When President Theodore Roosevelt was running for his third term as president, he got in a car to head toward an auditorium in Milwaukee, Wisconsin, where he planned to give a speech. As he settled into the backseat of his car, Roosevelt was shot in the chest by an assailant with a Colt .38 revolver.
Shockingly, Roosevelt demanded that his driver take him to the auditorium, not the hospital. Despite the earnest protests of his driver, his secretary, and his campaign manager, Roosevelt stood and delivered an 80-minute speech to a packed auditorium with a bullet lodged in his ribcage.
When he was finally taken to the hospital, doctors wondered what saved his life. Well, before entering the car, Roosevelt had folded his 50-page speech manuscript twice and put it into his breast pocket. The bullet, which entered that same breast pocket, was slowed by that speech and a metal glasses case. Roosevelt’s life was saved, in part, by those 200 layers of paper!
I think this story offers particular comfort for pastors, who can point to Teddy Roosevelt as an example of when a long speech really did save someone’s life!
You can contrast Roosevelt with Abraham Lincoln, who, in 1863, gave perhaps the shortest and most memorable presidential speech in American history. At just over two minutes, Lincoln delivered the Gettysburg Address that, over 100 years later, was still being taught when I was required to memorize it in school.
But what made Lincoln’s speech so remarkable was not just the way it captured the sense of grief so many Americans were feeling at the time; Lincoln’s speech was remarkable for its brevity. During his generation, longer speeches were considered better, more profound, more eloquent.
In the first century A.D., Jesus’ disciples had been taught the same thing about prayer. The Pharisees and religious leaders of the day taught in schools and in the synagogue that the longer a person prayed, the more likely God was to pay attention.
So, when the disciples asked Jesus to teach them how to pray in Luke 11, I can imagine they were settling in for a long afternoon lecture. They must have been so surprised when Jesus modeled a prayer that takes less than two minutes to recite—even shorter than the Gettysburg Address!
As we explore the first half of this model prayer this month, remember that The Disciple’s Prayer isn’t a piece of liturgy you’re asked to mindlessly repeat; it’s a model prayer that provides several guiding principles to implement as we pray.
The very first principle implied in the opening words of this prayer is that prayer won’t matter until you know exactly to Whom you are praying.
“And [Jesus] said to them, ‘When you pray, say: Father'” (Luke 11:2).
We’re praying to our Father, not some unknown being out there in the universe; certainly not some benevolent genie who grants our wishes, and certainly not a dictator who doesn’t care about His subjects.
Genuine prayer recognizes our Divine audience.
In churches today, hearing people refer to God as Father is a normal part of our worship services and our prayers. But don’t misunderstand: this was a radical moment of realization for the disciples in the first century. The Jewish culture in Jesus’ day would never have called God their Father; in fact, Jesus was accused of blasphemy by the religious leaders for claiming to be God’s Son.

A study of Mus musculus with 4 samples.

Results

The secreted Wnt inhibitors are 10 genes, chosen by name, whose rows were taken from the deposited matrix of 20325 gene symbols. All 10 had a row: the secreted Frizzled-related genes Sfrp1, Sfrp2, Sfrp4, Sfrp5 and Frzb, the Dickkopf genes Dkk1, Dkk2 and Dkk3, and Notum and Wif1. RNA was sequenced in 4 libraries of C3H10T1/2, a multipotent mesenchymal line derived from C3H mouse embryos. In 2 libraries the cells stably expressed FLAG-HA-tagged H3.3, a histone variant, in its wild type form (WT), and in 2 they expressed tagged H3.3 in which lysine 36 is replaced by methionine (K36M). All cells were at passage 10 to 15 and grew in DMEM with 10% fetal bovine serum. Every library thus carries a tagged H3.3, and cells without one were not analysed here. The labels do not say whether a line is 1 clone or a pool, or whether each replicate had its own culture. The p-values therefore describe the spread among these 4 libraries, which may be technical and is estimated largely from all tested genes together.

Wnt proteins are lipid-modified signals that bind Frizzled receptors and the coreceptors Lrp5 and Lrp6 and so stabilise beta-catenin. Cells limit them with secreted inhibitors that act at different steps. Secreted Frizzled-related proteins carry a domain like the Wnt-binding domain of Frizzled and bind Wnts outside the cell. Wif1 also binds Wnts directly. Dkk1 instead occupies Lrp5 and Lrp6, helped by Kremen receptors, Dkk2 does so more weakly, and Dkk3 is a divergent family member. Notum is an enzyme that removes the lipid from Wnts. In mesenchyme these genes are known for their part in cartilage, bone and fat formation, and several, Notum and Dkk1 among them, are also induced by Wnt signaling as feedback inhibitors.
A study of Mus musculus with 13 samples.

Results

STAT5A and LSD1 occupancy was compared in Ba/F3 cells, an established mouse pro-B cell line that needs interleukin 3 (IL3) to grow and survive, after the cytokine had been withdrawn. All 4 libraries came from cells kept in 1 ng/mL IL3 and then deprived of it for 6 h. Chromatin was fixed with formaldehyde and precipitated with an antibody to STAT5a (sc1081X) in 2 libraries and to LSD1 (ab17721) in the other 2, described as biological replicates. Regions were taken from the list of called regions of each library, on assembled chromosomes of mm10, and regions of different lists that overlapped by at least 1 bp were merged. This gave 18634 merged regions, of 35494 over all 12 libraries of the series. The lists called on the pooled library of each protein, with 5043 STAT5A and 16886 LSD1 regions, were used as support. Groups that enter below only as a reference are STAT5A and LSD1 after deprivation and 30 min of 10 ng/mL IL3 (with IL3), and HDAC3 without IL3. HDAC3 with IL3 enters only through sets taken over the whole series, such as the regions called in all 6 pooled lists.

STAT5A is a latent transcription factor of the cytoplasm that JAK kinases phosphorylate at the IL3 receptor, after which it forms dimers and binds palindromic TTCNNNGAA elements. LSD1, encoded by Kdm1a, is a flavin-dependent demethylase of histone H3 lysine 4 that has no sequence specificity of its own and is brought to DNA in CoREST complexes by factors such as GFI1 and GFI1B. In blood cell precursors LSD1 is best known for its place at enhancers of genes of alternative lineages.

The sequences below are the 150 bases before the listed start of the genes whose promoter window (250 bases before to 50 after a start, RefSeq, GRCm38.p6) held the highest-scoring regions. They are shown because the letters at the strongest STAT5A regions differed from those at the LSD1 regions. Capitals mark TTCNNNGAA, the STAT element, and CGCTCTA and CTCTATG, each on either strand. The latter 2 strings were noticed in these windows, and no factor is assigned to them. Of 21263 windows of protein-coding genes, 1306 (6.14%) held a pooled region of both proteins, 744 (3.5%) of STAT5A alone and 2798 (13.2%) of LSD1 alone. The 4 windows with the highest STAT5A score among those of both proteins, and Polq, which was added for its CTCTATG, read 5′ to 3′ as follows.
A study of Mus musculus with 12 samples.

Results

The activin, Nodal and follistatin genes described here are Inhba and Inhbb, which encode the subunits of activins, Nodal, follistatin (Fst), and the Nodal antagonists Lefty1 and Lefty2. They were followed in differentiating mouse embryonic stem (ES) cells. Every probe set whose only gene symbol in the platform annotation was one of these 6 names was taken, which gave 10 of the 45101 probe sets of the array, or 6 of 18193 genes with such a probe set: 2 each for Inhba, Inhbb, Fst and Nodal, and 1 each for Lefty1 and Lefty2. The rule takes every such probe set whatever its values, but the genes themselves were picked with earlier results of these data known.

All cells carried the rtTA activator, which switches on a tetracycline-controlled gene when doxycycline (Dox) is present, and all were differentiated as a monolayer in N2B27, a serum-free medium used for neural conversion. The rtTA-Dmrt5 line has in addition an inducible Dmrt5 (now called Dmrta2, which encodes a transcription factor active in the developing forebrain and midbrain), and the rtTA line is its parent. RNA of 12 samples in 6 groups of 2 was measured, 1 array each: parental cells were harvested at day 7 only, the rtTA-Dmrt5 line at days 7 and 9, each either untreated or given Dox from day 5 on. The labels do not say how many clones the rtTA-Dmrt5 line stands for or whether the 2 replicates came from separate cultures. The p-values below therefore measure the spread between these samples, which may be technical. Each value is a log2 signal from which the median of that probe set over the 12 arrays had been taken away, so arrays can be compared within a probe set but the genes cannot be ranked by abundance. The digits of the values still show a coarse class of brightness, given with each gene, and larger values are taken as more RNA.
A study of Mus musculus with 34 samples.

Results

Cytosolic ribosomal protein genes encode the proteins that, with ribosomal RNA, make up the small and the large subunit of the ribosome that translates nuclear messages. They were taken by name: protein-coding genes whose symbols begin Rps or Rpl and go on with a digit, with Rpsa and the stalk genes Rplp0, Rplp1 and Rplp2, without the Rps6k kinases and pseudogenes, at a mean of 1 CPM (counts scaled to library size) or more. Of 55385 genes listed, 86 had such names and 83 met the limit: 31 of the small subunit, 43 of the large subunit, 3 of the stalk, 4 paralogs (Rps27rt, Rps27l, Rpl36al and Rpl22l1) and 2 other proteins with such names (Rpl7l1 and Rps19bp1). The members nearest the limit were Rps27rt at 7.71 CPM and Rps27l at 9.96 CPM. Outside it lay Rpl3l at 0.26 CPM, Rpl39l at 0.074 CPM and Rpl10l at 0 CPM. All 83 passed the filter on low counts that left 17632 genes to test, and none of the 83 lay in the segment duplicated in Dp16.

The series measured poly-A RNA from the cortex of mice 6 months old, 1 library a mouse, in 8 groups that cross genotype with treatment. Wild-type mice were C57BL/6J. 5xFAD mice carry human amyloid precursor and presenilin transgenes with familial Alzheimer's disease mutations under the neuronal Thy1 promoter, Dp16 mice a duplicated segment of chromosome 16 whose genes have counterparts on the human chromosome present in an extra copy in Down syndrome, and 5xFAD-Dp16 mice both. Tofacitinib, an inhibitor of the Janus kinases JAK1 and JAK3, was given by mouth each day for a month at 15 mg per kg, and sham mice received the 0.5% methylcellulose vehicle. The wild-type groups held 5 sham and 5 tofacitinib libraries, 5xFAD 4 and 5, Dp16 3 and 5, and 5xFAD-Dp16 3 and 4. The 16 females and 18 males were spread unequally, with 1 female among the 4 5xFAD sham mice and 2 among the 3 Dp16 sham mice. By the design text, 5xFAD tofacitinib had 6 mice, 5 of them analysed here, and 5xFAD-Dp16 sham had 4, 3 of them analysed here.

The word Father here communicates an intimate, confident, paternal communion and the Lord uses it to teach a radically new approach to prayer— the prayer of a child to their Father.
Keep in mind, this intimate communion is not for everyone, which means The Disciple’s Prayer is not a prayer everyone on earth can genuinely pray. Calling God “Father” presumes that God actually is your Father, and that only takes place when you accept the gift of salvation, claiming His Son as your Savior. When you do, you are adopted into His eternal family.
The best kind of earthly father is a father you can be honest with, who always seeks your best, who loves you unconditionally and guides and supports you along the right path. Beloved, our heavenly Father is infinitely better than the best dad on earth.
That means you can be honest with Him—He already knows the desires of your heart.
That means you can be vulnerable with Him—He will be your greatest comfort.
That means you can confess to Him—He is quick to forgive and His love has no limits.
That means you can approach Him anytime and at any place— He will always have time to hear your prayers.
So, when you pray, claim your status as a child of God; call Him your Father, because He really is.
Second, Jesus teaches that genuine prayer reverences God’s divine attributes. Matthew’s Gospel account adds to this model prayer, “Our Father in heaven” (Matthew 6:9).
This phrase speaks of God being elevated above all creation; it means He is the Supreme Being of the universe. It means He is on His throne, and we are at His feet.
When you pray, make sure you acknowledge God’s preeminence and superiority; make sure you elevate God to His proper place in your heart. When you do that, you won’t be asking for your will to be done in heaven, you will be asking for God’s will to be done here on earth.